Nursing home abuse can take many forms. While people often think of physical or even sexual abuse first, it's important to consider psychological abuse as well. This type of abuse can cause unneeded stress or emotional distress, perhaps even leading to depression and other serious issues.
While it's important to remember that anyone in a nursing home could potentially be at risk, there are some specific risk factors that could mean a loved one faces an elevated danger. These risk factors include:
-- Age. Those who are 75 and older are especially at risk.
-- Memory issues. Residents who are abused may not remember exactly what happened, though they can still be emotionally and mentally harmed.
-- Caregivers who use drugs or alcohol.
-- Caregivers with their own mental issues and disorders, from depression to mental illness.
-- An elderly person who struggles to get along with other people. This may make it more likely for those people -- the nursing home staff -- to target that person with various types of abuse.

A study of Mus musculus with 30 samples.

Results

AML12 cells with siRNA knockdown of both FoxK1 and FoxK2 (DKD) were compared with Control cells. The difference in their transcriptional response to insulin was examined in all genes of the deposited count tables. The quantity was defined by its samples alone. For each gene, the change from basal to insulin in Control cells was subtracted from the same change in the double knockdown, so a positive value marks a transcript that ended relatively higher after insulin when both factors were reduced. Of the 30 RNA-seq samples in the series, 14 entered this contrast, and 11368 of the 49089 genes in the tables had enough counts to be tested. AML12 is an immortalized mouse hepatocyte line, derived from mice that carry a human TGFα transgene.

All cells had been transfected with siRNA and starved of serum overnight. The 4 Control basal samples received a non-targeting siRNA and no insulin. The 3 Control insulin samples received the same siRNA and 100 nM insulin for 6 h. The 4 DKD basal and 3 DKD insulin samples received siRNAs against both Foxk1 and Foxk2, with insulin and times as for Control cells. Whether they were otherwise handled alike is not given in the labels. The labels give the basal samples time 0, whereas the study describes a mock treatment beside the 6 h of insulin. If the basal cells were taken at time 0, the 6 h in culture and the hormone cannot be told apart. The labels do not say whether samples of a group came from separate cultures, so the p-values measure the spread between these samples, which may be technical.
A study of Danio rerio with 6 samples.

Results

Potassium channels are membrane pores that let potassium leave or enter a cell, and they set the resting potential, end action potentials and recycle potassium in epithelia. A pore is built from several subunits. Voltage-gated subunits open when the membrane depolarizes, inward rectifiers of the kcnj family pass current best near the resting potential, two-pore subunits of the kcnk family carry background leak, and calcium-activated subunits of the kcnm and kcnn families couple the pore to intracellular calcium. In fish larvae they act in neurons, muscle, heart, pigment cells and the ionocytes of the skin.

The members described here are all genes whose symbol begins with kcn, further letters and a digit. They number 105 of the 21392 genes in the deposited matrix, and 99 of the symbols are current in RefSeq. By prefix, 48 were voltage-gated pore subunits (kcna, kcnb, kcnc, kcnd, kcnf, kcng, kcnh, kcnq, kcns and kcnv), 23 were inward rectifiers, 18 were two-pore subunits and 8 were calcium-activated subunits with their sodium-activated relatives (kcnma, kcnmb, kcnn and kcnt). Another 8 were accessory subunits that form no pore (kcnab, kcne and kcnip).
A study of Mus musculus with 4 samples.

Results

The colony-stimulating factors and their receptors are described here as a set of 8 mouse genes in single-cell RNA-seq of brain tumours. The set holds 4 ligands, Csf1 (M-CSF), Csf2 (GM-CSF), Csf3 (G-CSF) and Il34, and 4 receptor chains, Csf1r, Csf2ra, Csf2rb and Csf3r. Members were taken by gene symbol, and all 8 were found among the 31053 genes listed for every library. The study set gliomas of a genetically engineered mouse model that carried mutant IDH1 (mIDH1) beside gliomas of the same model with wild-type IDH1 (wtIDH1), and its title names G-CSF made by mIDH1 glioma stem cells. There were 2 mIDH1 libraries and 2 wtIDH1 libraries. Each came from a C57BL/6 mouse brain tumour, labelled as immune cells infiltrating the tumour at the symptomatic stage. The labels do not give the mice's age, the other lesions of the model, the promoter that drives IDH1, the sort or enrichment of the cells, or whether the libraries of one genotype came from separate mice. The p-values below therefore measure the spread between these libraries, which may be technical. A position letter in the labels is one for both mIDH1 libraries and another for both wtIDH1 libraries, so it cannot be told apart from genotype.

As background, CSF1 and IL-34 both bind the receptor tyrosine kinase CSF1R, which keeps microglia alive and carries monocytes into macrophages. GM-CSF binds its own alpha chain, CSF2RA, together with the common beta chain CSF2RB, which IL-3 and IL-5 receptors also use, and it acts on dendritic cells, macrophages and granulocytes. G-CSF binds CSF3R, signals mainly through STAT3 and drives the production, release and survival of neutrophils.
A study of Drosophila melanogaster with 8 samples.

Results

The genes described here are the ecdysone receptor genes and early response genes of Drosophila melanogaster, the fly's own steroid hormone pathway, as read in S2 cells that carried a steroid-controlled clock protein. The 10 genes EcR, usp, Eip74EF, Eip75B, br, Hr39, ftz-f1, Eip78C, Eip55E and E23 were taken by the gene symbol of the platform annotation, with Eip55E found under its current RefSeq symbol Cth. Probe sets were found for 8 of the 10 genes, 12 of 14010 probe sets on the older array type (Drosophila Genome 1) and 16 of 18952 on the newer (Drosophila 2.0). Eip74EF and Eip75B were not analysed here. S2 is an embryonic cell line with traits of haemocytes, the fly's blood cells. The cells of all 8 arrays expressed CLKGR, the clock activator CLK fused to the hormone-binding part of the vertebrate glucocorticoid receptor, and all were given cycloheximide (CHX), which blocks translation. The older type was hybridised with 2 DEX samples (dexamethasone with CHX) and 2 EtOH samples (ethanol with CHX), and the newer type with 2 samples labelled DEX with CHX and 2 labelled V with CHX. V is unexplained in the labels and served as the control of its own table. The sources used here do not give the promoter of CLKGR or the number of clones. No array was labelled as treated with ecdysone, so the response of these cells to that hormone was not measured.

-- Serious, long-term conditions. These could include things like a stroke, dementia, paralysis or diabetes.
Now, nursing homes do attempt to screen their workers, but the system is not perfect. If you see warning signs and suspect that abuse is taking place, it may be time to look into the issue and investigate.
Remember, many elderly people are not in a position to defend themselves -- especially when they don't remember the abuse -- and family members may be the only help they have. If you want to find out more about what you can do, our website is very informative.